Renzi criticises German dominance in EU
Italian Prime Minister Matteo Renzi has criticised Germany's role in Europe as too dominant. "Europe has to serve all 28 countries, not just one," he said to the Financial Times on Monday. Renzi has taken up the fight against Germany's anachronistic austerity policy, some commentators write approvingly. Others dismiss his criticism as a cheap way of gaining votes.
Criticism of Germany justified
Renzi's comment that Berlin's dominant policies are responsible for the crises among its European neighbour states hits the nail on the head, the liberal daily Wiener Zeitung believes: "It is true that 'Europe must be there for all 28 members'. The statement by German Finance Minister Wolfgang Schäuble at the CDU party conference that the 'worst must improve', clearly illustrates the dilemma. Germany is the minimum standard for German European politicians.That is arrogant. ... If all EU countries functioned like Germany it would be the end of the EU model. 28 top export nations would flood the world with their goods, which would then resist them tooth and nail. Global economic chaos would be the result. So Renzi is right with his diagnosis. The correct medication would be a European economic policy and European financial compensation. The Germans don't like that idea, but that's exactly why their wings should be clipped."
Italy needs partners for its change of course
Italy approved its budget for 2016, which foresees a higher deficit than planned. Rome should not start the battle against the austerity policy on its own, the liberal business daily Il Sole 24 Ore warns: "There are good reasons for an expansive budget manoeuvre. So it would be calamitous if come spring Europe were to force us to correct the budget plan and subject it to the dictates of an anachronistic austerity policy. The European offensive launched by our prime minister must be seen in this context. … One can debate endlessly about whether national interests are best pushed through with painstaking discussions or by pounding the table with your fist. In both cases the main thing is to be able to count on credible alliances. … We must assume, or at least hope, that Renzi forged such alliances before he launched his offensive."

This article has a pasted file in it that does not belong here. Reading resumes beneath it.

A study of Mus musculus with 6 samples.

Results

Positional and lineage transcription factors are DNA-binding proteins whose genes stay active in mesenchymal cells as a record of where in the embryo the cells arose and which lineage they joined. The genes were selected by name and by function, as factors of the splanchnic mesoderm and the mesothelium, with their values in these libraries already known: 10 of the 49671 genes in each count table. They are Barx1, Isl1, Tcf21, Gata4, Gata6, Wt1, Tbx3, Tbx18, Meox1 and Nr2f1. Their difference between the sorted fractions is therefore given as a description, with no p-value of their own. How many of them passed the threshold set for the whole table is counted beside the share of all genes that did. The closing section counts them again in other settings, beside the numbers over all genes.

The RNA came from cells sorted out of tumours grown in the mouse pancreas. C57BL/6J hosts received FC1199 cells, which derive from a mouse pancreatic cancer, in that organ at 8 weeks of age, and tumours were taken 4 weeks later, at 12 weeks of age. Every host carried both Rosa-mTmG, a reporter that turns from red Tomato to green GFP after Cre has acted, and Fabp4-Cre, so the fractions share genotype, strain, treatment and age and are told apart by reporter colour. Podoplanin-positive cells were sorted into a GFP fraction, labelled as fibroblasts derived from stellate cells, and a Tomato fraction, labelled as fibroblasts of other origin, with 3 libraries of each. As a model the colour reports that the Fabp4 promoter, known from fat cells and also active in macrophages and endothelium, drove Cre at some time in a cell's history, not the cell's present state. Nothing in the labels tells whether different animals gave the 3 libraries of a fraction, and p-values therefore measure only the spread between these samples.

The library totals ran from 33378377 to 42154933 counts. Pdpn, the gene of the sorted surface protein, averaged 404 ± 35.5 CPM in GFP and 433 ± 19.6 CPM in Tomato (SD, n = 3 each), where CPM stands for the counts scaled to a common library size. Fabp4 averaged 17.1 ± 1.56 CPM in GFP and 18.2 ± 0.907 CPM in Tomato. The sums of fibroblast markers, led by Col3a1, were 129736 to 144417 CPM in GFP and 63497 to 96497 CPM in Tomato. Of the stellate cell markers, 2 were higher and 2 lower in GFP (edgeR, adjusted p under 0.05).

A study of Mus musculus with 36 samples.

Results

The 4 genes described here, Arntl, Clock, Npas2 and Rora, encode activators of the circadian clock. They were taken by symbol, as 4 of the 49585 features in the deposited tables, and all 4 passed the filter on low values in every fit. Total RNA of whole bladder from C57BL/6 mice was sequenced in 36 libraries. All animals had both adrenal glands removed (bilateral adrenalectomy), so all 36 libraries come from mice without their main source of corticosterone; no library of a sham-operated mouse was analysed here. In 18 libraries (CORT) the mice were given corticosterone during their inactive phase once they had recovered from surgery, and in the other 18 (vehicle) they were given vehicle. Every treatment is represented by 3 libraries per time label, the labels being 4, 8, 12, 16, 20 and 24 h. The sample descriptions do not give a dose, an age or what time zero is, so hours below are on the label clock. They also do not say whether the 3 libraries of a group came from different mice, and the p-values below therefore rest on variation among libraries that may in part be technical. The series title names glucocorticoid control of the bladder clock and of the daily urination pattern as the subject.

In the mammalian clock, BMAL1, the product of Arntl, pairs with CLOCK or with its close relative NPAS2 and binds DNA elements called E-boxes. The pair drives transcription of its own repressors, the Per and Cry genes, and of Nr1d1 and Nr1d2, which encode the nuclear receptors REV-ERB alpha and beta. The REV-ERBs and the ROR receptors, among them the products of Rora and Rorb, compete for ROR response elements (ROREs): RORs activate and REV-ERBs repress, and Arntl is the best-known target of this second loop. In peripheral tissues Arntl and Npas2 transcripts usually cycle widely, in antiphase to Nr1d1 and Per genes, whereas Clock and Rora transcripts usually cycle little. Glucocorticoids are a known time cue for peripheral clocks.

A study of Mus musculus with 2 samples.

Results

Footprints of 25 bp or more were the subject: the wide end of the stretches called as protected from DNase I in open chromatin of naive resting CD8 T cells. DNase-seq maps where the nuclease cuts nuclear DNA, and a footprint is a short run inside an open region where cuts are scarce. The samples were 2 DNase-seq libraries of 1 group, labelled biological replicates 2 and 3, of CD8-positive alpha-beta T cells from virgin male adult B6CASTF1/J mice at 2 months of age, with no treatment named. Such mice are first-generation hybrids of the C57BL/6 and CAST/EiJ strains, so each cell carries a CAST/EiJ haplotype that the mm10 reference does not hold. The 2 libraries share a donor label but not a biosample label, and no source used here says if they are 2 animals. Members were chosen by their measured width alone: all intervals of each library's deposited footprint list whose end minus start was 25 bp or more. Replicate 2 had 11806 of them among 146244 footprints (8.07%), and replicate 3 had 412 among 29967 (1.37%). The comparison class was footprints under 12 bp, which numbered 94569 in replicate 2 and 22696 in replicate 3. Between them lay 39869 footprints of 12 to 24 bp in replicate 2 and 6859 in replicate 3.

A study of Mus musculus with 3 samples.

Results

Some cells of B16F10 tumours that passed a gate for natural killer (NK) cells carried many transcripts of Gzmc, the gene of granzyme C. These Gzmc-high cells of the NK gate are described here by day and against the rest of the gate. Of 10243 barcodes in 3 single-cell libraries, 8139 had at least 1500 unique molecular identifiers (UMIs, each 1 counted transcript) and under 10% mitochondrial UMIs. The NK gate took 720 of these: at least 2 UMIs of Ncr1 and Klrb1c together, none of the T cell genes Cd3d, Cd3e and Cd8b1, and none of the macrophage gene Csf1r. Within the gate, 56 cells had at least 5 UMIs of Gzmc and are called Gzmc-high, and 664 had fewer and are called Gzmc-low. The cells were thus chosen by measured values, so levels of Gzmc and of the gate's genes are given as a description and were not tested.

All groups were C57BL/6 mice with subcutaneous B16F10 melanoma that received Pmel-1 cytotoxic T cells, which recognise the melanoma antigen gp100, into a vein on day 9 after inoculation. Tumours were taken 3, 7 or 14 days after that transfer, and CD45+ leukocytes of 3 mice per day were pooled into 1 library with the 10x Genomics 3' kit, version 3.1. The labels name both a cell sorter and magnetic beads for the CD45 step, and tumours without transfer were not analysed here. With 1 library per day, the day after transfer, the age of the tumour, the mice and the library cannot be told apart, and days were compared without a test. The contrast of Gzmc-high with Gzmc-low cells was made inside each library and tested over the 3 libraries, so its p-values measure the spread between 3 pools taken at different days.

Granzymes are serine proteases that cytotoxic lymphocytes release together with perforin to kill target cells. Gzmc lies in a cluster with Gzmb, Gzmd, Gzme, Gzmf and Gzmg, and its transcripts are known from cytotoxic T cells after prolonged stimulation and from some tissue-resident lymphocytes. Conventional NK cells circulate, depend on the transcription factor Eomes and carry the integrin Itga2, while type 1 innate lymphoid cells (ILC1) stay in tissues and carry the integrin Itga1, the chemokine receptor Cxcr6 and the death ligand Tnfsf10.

In the end everyone want's Germany's help
Criticising Germany's role in the EU is just a cheap ploy for winning votes nowadays, writes the conservative daily Frankfurter Allgemeine Zeitung: "On top of the once again spreading conviction that Berlin's 'austerity policy' is evil, we now regularly hear claims that Germany is using it to subjugate its European partners. This traditional myth is now mobilising voters from Spain to Greece. Spain will 'never become a German appendage', announced Podemos leader Iglesias after the election. The sovereignty of his party was a top priority, he proclaimed. … In the end, however, they all automatically assume that once national sovereignty has been restored they will be able to rely on European solidarity, or in other words on the redistribution of wealth in every conceivable form. And then too, all eyes will once again be trained on Europe."